This week’s edition of the Grosse Pointe News carries this headline, in 72-point type at the top of Page One:
Nobel laureates opine
I’m sorry I can’t tell you much about the story — I let my subscription lapse, and wouldn’t you know the first missed copy would be one with “opine” out front — but I assume they’re referring to the gathering Jack Lessenberry talks about in this column. He mentions his disgust that neither of the Detroit dailies saw fit to cover this event, although I guess only the most foolish optimist would point out, “But if they had, they wouldn’t have used ‘opine’ in the headline.”
So I won’t.
I used to work with an opiner, that is, a woman who used “opine” instead of “said” in her copy. She was also fond of “averred,” “demurred” and, on one memorable occasion, “ejaculated.” (All over her copy!) I think I’ve talked about her here before, so I’ll spare you my personal opining on the practice. There are editors who claim no word other than “said” will do, and I agree that 99 percent of the time it’s the only choice, although I reserve the right to use “asked” and “added” where it seems appropriate. Like “said,” both are pretty invisible in copy, and in some cases even more so; I’m picky enough to be bothered by reading, “‘At what cost are we willing to continue this war?’ she said.”
At least, that’s my opine-ion. As I am known to aver.
This weekend was one for computer maintenance. I did a big backup to the big LaCie, then beefed up the blogroll here at NN.C, a chore I’ve been putting off forever. I started putting in all my bookmarks, then realized I only visit about one-third of them on a regular basis. So I made that the new criteria for the blogroll — I have to visit regularly. Some I visit less regularly — Laura Lippman’s main site is only updated monthly, but it’s always worth visiting, particularly this month’s update, “Waiting for Lippman.” Ashley Morris, regular commenter here, is getting a lot of traffic as he emerges as the Rudepundit of post-Katrina New Orleans. But the ones I’m visiting are the ones I include. Suggestions for new ones welcome. And read nothing into the order; the server randomly scrambles them with each page reload.
Another housekeeping detail: If something important happens on “The Sopranos” this week, I don’t want to hear about it. We’re having a new floor installed in our family/TV room, and we’ll be getting only non-premium, non-digital cable on our primitive 13-inch bedroom TV, so not a word. I’ll catch up via On Demand later and we can all have a nice chat, but this week? Mum’s the word.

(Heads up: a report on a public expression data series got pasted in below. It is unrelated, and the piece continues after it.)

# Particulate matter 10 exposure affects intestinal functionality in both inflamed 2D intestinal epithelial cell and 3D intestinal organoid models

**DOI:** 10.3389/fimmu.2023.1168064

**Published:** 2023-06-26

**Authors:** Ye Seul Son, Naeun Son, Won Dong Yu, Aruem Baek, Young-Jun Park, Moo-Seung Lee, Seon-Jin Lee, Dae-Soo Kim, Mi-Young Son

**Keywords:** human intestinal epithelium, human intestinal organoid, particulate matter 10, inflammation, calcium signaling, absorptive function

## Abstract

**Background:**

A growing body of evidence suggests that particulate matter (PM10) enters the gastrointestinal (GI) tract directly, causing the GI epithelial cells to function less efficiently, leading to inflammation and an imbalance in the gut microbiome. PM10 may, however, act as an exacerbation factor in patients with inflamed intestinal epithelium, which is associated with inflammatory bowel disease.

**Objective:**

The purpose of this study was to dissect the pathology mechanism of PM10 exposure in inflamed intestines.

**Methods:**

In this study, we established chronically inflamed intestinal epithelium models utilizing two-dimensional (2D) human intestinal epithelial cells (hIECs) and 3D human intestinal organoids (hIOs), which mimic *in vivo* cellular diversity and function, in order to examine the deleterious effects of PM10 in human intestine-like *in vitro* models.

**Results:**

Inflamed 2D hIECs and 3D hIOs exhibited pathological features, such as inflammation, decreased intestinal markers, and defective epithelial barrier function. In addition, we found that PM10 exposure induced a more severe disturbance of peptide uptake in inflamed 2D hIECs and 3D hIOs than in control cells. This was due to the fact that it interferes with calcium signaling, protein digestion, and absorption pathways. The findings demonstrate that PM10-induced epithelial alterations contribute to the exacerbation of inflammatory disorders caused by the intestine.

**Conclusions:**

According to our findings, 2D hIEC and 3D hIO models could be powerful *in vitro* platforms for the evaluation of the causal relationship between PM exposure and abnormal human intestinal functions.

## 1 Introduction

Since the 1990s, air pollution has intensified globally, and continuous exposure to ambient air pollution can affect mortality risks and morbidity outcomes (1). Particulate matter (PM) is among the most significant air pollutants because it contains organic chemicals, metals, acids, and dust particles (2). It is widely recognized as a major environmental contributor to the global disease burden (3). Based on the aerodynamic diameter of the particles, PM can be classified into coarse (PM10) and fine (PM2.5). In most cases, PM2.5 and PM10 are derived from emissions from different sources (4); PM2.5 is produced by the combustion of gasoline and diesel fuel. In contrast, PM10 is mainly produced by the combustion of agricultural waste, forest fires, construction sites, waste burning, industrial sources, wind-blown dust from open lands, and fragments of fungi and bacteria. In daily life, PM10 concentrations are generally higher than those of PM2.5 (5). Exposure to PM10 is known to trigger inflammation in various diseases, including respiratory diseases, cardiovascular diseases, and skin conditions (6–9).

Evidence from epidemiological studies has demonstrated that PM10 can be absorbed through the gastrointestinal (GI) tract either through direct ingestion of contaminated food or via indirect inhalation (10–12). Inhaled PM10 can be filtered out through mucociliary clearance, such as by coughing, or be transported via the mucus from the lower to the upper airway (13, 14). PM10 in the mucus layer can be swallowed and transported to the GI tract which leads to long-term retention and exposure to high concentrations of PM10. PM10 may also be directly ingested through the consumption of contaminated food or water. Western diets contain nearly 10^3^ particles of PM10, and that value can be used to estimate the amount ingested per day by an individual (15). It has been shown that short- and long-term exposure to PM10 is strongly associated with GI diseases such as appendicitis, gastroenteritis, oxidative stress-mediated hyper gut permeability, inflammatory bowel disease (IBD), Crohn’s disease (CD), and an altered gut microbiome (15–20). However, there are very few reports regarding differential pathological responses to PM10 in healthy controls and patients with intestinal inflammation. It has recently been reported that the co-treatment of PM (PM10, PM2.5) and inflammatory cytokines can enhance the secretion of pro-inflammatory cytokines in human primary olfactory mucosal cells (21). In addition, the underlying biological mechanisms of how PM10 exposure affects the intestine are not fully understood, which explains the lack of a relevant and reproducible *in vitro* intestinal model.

I guess I should add, if blogging gets intermittent in the following week, don’t call 911. I’ll have my hands full keeping the house from falling into full disaster-area status, and the dog out of the polyurethane.
On to the bloggage:
Everyone who goes to Paris remarks on the dogs in restaurants; every establishment seems to have a house pooch, who loafs around the joint while customers fail to freak out over the germs. My sole objection to having dogs in restaurants here is that they’d be American dogs — some overbred, others undertrained, still others wearing Burberry raincoats. Having watched the incredible bad karma spread by a single shithead who decided to bring his macho pit bull onto the playground at Foster Park in Fort Wayne one afternoon — and then put the dog down the slide, wheee, and no I’m not kidding — I kind of lost my trust in my fellow dog owner. (If I’d had a gun, I would have confronted him. If I’d had a cell phone, I would have called the police. Since I had neither, but did have a three-year-old, I opted instead to just leave.)
But even if dogs were allowed in restaurants here, I’d hate for it to be because of these people, examined in the Sunday NYT:
Health care professionals have recommended animals for psychological or emotional support for more than two decades, based on research showing many benefits, including longer lives and less stress for pet owners.
But recently a number of New York restaurateurs have noticed a surge in the number of diners seeking to bring dogs inside for emotional support, where previously restaurants had accommodated only dogs for the blind.
“I had never heard of emotional support animals before,” said Steve Hanson, an owner of 12 restaurants including Blue Fin and Blue Water Grill in Manhattan. “And now all of a sudden in the last several months, we’re hearing this.”
Oh, I only wish it were April Fool’s Day:
One 30-year-old woman, a resident of Croton-on-Hudson, N.Y., said she does not see a psychotherapist but suffers from anxiety and abandonment issues and learned about emotional-needs dogs from a television show. She ordered a dog vest over the Internet with the words “service dog in training” for one of the several dogs she lives with, even though none are trained as service animals. “Having my dogs with me makes me feel less hostile,” said the woman, who refused to give her name.
“I can fine people or have them put in jail if they don’t let me in a restaurant with my dogs, because they are violating my rights,” she insisted.
It’s a good thing she wasn’t identified, because otherwise she’d be risking about a million pieces of hate mail pointing out exactly why she has abandonment issues. Would you trust this woman to bring a well-trained, well-behaved dog into a restaurant? You think Foofie would like quietly at the feet of her mistress and wait until it was time to go? I don’t. If Foofie starts coming into restaurants, I’m going to start carrying mace.
For Foofie if he comes near my entree. And then, for Foofie’s owner. Put this in your emotional support pipe and smoke it, babe.